When I first saw RoboCop in 1987, I nearly puked. In other words, the movie was AWESOME.
Such logic should be expected from a nine-year-old boy witnessing his first R-rated movie, an ultra-violent spectacle that spewed blood and bodies across the crime ridden streets of Detroit. (My older sister, who accompanied me, was just plain horrified.)
Now 23 years later, in a testament to the movie’s enduring appeal, a group of Detroit citizens has raised more than enough money to build a seven foot statute of the cyborg in the city’s downtown area.
The plan has stirred a bit of controversy. Some believe the statute only reinforces Detroit’s reputation as a poor, decaying mess of a metropolis, not exactly the business-friendly image the city wants to project. The New York Times wondered out loud if Detroit’s money and attention would be better spent on more pressing problems.
I, however, enthusiastically endorse the project. Let’s start with the most obvious reason: RoboCop is just plain cool.
The armored half man/half machine boasted a big gun that popped out from his leg, a targeting computer that enabled him to shoot criminals with pinpoint accuracy, thermal energy vision, and a full repertoire of pithy lines, including “Dead or alive, you’re coming with me,” “Your move, creep,” and “Come quietly or there will be… trouble.”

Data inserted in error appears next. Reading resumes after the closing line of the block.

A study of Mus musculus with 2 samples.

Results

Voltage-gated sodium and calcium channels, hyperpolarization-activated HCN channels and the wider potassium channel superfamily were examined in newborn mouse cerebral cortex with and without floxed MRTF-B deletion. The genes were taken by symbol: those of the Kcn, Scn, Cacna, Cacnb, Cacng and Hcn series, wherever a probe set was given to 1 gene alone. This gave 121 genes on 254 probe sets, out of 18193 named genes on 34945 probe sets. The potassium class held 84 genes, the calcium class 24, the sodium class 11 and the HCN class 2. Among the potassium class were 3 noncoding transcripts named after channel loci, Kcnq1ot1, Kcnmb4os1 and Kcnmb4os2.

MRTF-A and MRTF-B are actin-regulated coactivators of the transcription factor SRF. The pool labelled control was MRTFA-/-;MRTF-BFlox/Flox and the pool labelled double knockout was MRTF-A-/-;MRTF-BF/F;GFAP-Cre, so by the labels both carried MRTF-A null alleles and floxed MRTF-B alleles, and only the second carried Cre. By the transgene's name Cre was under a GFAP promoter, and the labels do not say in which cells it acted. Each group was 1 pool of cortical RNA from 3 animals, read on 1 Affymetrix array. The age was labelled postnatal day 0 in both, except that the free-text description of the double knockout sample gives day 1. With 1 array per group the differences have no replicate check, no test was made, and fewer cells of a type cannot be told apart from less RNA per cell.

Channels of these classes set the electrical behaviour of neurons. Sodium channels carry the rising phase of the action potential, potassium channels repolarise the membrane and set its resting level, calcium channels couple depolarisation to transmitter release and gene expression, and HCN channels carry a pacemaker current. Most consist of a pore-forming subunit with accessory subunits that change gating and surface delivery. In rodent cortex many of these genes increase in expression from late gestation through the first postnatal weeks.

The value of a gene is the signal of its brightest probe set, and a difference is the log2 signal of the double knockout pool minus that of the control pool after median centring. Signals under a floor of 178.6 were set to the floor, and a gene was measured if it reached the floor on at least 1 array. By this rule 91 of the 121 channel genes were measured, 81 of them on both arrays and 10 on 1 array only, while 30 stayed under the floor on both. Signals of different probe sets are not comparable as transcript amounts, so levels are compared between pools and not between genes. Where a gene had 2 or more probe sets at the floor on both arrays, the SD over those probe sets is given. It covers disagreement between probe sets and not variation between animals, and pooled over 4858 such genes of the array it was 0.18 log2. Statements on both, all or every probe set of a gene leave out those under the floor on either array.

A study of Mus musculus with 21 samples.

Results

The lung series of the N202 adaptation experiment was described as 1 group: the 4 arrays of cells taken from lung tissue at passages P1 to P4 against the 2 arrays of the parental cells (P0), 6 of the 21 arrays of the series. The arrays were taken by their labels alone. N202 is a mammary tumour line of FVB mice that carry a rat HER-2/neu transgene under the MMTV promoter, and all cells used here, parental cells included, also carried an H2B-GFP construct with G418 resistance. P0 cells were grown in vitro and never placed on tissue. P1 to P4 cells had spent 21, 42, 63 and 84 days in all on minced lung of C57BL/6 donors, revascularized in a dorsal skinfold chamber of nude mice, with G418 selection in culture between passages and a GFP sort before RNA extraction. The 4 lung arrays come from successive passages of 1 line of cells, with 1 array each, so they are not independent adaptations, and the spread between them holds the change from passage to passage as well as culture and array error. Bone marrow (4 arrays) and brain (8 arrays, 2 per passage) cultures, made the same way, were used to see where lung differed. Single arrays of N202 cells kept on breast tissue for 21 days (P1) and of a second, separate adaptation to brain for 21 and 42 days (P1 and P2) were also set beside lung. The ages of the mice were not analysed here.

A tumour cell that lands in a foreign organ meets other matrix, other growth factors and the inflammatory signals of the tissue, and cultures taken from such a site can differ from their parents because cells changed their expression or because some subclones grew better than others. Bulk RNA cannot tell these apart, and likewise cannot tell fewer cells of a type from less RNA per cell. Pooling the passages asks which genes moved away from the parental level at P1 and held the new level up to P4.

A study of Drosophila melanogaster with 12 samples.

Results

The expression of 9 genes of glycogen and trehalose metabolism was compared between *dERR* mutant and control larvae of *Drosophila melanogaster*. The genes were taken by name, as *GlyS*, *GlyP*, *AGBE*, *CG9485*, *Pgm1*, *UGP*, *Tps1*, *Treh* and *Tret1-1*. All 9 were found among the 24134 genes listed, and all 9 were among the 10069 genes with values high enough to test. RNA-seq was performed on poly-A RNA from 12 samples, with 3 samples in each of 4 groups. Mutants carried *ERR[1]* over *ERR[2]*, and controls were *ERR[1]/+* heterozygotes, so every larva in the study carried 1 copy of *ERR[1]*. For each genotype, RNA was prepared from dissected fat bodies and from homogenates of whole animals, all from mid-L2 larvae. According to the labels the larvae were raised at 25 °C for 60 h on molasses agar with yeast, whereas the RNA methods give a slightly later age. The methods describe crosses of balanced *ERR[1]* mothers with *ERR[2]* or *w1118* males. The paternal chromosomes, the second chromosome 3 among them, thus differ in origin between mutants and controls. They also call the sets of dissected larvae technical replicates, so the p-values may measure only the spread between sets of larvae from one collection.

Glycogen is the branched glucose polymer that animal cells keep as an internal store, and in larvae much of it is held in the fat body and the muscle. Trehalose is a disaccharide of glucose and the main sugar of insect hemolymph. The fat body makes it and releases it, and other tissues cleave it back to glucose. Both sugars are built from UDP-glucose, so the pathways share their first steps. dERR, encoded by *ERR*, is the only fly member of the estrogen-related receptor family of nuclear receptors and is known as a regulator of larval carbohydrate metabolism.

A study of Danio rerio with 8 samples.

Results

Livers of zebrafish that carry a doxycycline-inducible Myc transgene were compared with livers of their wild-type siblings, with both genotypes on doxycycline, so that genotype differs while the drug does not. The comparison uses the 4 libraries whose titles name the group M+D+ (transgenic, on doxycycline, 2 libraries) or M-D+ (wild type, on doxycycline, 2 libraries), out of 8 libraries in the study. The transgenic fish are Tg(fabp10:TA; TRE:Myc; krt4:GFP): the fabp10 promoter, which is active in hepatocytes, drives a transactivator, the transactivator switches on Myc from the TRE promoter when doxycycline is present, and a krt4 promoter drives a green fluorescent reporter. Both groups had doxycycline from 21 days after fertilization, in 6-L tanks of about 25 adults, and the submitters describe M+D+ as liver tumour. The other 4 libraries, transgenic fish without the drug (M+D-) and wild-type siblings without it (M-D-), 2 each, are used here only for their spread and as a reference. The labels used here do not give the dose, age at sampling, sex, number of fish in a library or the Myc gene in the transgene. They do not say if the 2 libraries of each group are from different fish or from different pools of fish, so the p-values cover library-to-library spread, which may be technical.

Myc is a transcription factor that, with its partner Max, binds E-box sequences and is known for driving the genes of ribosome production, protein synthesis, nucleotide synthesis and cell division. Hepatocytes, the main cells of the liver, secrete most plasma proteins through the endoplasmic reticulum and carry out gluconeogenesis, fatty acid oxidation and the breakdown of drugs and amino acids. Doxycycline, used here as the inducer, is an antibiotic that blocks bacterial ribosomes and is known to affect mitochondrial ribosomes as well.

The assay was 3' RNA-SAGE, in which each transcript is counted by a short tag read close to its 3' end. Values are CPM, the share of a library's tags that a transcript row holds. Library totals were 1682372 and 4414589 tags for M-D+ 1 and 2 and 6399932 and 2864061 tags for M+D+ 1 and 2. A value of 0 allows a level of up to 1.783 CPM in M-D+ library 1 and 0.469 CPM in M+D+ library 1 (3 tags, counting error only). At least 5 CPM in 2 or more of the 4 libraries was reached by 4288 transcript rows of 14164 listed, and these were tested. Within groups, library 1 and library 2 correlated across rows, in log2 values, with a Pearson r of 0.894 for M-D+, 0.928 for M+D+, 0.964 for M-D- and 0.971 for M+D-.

Let’s see Watson do that.
But more importantly, everyone needs someone or something to rally around. In Detroit, which has struggled to build a high tech industry beyond automobiles, what better way to promote innovation than a crime fighting cyborg?
RoboCop proved prophetic in one aspect: the physical integration of human and machine. Today, computer-controlled medical devices can regulate heart beats, distribute insulin, and boost hearing levels.
And that’s just the beginning. Perhaps it’s no accident that Robogate should get national attention the same week the American Association for the Advancement of Science hosted its conference Thursday in Washington, D.C.
There, scientists presented research into technology that allows humans to manipulate virtual reality avatars with their minds and brain-powered wheelchairs and neuro-prosthetic limbs that can learn the mental intentions of the user.
In his book “World Wide Mind,” published this week, science writer Michael Chorost envisions implantable computer chips that allows humans to communicate feelings. I’m guessing the chips are probably for men.
So lighten up, cynics. We should all embrace our inner RoboCops, that spark of high tech innovation behind such a kick-ass invention.
At the very least, our statute will be a lot cooler than the Mary Tyler Moore thing in downtown Minneapolis.